Everyone plants tomatoes. Well, everyone who vegetable gardens, that is, or at least that’s how it seems. Tomatoes are the gateway drug to edible gardening. Once you’ve had one season of healthy plants with an abundant harvest of luscious tomatoes, you’re totally hooked. But what if you don’t? What if your tomato plants are limpy and wimpy and succumb to the diseases or pests that plants are so susceptible to in the heat of summer? Then you may give up altogether and go back to buying all your tomatoes in the grocery, and I just can’t have that!
So, I’ll tell you a little secret, one that stingy gardeners keep to themselves. Listen up: It’s all in the roots. This is true for most plants in your garden, but for tomatoes it’s especially true. Tomatoes need a good base to grow up tall and strong and to support all the weight of that yummy fruit. Indeterminate types that keep on growing until frost need this strong base even more. One way to ensure healthy roots is to focus on your soil first—after all, that’s where the all-important roots take up all those nutrients to feed the plant.
Another trick seems totally counter-intuitive, but it works. When planting tomatoes, bury half the plant or more. Yep, it’s true. While for most plants, you can use the container you’re transplanting from as a guide for how deep to plant, for tomatoes, you should bury at least half the stem. If you want, you can trim off the existing leaves and branches along the bottom half of the stem, but I usually just bury the plant stems and leaves and all. Under the ground, those stems will magically become additional roots that will support your plant, both physically and nutritionally.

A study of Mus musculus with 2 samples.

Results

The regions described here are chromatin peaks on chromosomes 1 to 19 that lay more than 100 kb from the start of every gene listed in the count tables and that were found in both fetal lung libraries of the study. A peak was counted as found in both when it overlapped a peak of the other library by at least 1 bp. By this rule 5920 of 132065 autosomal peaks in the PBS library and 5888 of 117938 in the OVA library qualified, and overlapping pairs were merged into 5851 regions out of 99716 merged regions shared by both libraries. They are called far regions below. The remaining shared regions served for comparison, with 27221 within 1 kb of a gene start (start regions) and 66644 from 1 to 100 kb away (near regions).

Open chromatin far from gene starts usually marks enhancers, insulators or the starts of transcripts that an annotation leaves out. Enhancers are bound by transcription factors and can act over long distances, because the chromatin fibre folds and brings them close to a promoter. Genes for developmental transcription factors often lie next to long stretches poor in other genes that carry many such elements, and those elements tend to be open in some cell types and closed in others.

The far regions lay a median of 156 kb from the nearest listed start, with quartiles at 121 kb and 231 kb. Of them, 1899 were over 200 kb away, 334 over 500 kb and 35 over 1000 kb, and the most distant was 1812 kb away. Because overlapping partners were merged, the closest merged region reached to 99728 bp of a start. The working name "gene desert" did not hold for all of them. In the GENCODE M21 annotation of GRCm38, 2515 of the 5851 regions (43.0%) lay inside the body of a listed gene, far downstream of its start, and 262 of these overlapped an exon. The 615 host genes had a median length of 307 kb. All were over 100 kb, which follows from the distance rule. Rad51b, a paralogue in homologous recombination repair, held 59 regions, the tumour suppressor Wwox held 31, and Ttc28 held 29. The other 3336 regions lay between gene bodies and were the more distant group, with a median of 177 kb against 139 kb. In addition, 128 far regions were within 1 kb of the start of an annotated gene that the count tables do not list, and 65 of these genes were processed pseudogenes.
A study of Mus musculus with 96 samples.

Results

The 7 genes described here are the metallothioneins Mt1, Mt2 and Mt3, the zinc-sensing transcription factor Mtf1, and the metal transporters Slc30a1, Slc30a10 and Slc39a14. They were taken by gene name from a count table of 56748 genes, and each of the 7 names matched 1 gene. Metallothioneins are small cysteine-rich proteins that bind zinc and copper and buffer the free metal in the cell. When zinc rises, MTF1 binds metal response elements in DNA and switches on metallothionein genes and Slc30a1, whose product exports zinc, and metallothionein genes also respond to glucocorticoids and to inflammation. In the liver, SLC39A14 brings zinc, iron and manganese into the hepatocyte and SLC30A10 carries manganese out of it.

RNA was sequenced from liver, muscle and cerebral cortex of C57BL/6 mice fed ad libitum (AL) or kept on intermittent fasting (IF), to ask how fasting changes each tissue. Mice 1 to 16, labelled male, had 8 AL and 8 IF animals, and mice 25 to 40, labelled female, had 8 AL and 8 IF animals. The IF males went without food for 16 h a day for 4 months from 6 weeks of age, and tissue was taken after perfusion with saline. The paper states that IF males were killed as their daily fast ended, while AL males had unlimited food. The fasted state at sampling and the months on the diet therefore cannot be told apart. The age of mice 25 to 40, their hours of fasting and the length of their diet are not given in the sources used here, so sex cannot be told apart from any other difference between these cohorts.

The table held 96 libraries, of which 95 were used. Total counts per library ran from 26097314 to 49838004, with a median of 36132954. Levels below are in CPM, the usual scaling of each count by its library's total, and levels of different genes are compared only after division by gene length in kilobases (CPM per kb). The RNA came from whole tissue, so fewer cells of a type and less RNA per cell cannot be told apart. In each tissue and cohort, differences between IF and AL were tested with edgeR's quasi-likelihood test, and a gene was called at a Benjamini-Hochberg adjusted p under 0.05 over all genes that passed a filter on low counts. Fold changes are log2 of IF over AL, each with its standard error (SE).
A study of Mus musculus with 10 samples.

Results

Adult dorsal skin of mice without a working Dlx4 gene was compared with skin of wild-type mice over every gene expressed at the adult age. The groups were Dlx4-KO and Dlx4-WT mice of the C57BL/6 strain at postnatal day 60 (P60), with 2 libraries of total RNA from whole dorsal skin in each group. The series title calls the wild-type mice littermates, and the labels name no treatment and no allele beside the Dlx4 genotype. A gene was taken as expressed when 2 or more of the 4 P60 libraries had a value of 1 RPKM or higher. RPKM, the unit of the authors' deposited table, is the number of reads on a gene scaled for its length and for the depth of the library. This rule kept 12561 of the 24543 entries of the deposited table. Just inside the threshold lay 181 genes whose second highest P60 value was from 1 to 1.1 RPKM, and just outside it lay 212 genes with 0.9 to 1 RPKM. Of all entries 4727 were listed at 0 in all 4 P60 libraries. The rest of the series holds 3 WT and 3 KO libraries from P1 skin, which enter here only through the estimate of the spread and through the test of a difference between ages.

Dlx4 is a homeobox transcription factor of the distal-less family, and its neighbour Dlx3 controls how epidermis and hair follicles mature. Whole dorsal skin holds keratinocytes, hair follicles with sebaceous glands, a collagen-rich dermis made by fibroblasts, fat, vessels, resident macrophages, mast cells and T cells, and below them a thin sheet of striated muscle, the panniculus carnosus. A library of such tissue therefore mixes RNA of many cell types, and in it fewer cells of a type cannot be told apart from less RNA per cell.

One way to plant tomatoes deeply is to dig a deep hole and drop the plant in with only the top half or third above ground, then cover the lower stem up. I learned this method while working for Bonnie Plants, where our motto was “Plant tomatoes deep.” Another method is called trenching tomatoes. This involves digging a long trench, again with the top third above ground but with the rest of the plant laying sideways. While there’s very little debate about whether tomato plants should be sunk half or more underground, I’ve heard seasoned gardeners debate, in the field even, about whether the best practice is to plant in a deep hole or to using the trenching method. I’d say that either way, you’re in for a better harvest.
Okay, so now you know the secret. Ready to plant? Here’s a little tutorial on planting tomatoes in trenches, from my garden this week.